Gatiss knows his scary movie stuff
League of Gentlemen alumnus impresses with his history of horror
"This series is going to be unashamedly selective," promised Mark Gatiss of his three-part A History of Horror, and it was. There was no mention of Max Schreck in Nosferatu, which is still magnificently creepy today, or of The Cabinet of Dr Caligari.
In fact, the German Expressionist tradition to which these silent classics belong, and which was a major influence on early Hollywood horror movies, never got a look in. No matter; there was so much here to sink your fangs into that you forgive the absence.
Gatiss is a lifelong fan of horror movies (as a boy, he revealed, he'd even watch Pro-Celebrity Golf on the BBC in the hope Christopher Lee might be playing).
They're his -- and by a happy coincidence, my -- favourite type of films, meaning this was an unalloyed pleasure to watch.
Celebrity fans rarely make the best presenters, but Gatiss -- a member of the darkly comic League of Gentlemen -- is so knowledgeable and enthusiastic about his subject that it's hard to imagine anyone else doing it justice. He also knows a thing or two about scaring audiences. Crooked House, his wonderful trio of old-fashioned horror tales, revived the BBC tradition of late-night Christmas ghost stories.
Gatiss began with the first Hollywood horror movie proper, The Phantom of the Opera, featuring the great silent star Lon Chaney (not to be confused with his son, Lon Jr), whose extraordinary ability to transform his face and body earned him the nickname "the man of a thousand faces".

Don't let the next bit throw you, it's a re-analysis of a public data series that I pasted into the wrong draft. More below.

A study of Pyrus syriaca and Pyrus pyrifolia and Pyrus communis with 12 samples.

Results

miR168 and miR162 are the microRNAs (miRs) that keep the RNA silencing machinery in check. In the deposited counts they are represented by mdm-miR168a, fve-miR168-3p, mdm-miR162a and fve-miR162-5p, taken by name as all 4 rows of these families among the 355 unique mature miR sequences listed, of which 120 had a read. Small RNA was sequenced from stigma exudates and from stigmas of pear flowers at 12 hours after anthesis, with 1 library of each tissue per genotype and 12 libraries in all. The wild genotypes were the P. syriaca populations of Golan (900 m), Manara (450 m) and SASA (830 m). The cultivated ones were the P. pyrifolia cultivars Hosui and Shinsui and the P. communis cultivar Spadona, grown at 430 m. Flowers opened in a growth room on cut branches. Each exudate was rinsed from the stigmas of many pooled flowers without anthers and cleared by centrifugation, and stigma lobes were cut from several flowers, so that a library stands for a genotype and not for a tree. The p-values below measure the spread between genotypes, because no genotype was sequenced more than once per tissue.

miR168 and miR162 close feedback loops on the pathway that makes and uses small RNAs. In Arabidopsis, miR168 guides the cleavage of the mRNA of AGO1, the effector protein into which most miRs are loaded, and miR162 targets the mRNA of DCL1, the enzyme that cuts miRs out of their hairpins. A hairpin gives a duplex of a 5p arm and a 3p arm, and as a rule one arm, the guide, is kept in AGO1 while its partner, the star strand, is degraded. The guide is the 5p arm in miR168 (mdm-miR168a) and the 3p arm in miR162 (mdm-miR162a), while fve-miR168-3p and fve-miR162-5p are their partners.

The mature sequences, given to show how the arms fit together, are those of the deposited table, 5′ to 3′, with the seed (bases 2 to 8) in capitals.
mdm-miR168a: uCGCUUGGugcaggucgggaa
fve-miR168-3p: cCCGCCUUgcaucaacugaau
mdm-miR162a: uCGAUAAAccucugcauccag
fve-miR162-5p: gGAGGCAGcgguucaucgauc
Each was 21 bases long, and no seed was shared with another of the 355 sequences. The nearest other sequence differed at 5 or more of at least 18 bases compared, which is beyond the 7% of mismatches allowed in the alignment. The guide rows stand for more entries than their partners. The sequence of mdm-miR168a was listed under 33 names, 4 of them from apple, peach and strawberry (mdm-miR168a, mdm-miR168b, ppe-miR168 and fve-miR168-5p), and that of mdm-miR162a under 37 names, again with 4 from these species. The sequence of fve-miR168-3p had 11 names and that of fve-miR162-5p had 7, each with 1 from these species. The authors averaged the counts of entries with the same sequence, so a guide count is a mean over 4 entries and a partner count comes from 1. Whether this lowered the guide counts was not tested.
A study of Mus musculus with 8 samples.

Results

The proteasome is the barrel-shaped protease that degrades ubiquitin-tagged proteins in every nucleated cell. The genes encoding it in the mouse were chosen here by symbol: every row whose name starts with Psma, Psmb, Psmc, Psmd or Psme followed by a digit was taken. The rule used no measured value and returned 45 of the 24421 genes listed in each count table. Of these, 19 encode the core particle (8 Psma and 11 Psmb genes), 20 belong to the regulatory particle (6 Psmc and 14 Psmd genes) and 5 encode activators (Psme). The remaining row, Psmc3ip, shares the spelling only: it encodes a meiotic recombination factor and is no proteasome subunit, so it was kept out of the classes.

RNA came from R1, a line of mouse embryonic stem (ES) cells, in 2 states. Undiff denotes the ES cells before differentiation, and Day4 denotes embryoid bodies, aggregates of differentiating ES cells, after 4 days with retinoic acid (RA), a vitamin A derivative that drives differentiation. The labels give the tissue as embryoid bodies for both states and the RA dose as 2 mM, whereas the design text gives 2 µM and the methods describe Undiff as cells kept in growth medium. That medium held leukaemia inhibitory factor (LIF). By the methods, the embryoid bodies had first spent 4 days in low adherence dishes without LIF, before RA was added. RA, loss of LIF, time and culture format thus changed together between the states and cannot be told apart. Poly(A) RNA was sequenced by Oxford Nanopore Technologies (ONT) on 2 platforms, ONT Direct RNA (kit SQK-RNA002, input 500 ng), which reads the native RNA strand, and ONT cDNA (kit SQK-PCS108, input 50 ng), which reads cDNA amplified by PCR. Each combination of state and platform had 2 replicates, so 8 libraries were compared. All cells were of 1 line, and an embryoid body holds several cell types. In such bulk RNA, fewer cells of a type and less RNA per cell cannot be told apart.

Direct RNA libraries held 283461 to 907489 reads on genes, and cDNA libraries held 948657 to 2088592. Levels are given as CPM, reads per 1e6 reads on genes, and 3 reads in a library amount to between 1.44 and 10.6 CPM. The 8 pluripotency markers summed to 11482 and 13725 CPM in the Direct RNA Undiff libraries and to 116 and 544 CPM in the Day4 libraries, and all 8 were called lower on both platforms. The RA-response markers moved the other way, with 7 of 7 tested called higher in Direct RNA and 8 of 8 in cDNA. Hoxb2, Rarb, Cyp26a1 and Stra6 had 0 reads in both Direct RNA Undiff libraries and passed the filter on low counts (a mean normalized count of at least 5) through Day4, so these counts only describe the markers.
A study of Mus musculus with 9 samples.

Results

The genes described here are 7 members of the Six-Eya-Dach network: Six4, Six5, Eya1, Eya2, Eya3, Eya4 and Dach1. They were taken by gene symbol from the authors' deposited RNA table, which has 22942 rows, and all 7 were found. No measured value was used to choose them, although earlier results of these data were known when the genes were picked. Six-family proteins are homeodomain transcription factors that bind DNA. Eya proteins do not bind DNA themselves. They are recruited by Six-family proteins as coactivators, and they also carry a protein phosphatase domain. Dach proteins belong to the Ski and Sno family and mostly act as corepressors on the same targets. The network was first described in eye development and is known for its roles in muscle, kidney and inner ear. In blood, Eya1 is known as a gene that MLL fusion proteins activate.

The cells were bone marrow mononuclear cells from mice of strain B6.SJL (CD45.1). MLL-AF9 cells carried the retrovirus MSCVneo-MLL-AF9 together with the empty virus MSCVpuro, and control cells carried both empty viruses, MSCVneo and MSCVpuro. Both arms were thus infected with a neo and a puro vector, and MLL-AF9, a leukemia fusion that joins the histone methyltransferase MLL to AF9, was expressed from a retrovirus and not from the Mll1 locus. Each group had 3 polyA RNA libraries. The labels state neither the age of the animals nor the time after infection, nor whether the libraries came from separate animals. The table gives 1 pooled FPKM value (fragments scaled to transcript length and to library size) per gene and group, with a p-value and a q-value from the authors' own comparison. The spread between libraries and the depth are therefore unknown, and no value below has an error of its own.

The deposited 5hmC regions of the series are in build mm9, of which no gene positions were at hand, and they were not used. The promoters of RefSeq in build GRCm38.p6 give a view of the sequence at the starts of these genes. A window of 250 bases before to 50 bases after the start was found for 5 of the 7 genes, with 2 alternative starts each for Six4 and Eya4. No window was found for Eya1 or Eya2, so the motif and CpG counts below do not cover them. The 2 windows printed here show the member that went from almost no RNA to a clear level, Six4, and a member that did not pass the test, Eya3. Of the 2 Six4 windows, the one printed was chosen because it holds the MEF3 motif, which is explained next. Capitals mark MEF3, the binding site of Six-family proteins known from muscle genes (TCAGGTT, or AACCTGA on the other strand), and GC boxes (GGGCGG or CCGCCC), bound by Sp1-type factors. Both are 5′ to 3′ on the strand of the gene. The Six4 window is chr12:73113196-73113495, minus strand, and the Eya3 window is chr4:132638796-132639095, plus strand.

Gatiss lit up like an excited little boy on Christmas morning when he got to handle Chaney's personal make-up kit and the life-sized cast of his head he used to perfect whatever look he wanted to achieve.
"It's quite fitting that somebody so obsessed with dismemberment ended up with his head in a box," quipped Gatiss.
Gatiss met Carla Laemmle, the 100-year-old niece of Universal Studios boss Carl Laemmle, whose 1931 Dracula lit the touchpaper of the horror movie explosion.
Carla spoke the first line of dialogue in Dracula and recalled the magnetic effect on women of the film's Hungarian star Bela Lugosi. In truth, Dracula is a mostly ponderous adaptation of a talky stage play.
But if that film creaked, the next Universal horror, James Whale's superb Frankenstein, soared. Boris Karloff's magnificent performance as the creature turned him from a jobbing actor into an overnight star -- but only, his daughter Sara wryly remarked, "after 20 years in the business".
What followed, however, was even better. Universal's dazzling creative run of the 1930s transformed horror films. Whale turned out two masterpieces -- the blackly comic The Bride of Frankenstein and The Old Dark House -- while Dracula director Tod Browning made the hugely controversial Freaks, which almost did for the studio and unwittingly helped usher in a new era of repressive censorship.
Although Gatiss briefly covered other Hollywood studios' stabs at horror, including Warner Bros' landmark Dr Jekyll and Mr Hyde, featuring Fredric March's striking single-take transformation (the effect was achieved using rotating colour filters and special make-up), and the subtle, psychological terrors of producer Val Lewton's movies for RKO, this first episode was really the story of Universal, and of the sadly divergent fates of Karloff and Lugosi.
While Karloff became a much-loved star who worked almost to the end of his life, Lugosi -- unable to escape the shadow of Dracula -- slid into drug addiction. While touring in an ill-fated stage revival of Dracula in the 1950s, he poignantly told his co-star, Sheila Wynn: "Dracula is Hamlet to me."
Whether you care for horror movies or not, this is a terrific series. Next week, Gatiss jumps to the full-blooded, full-colour movies of Hammer at its peak. I can feel my bloodlust rising already.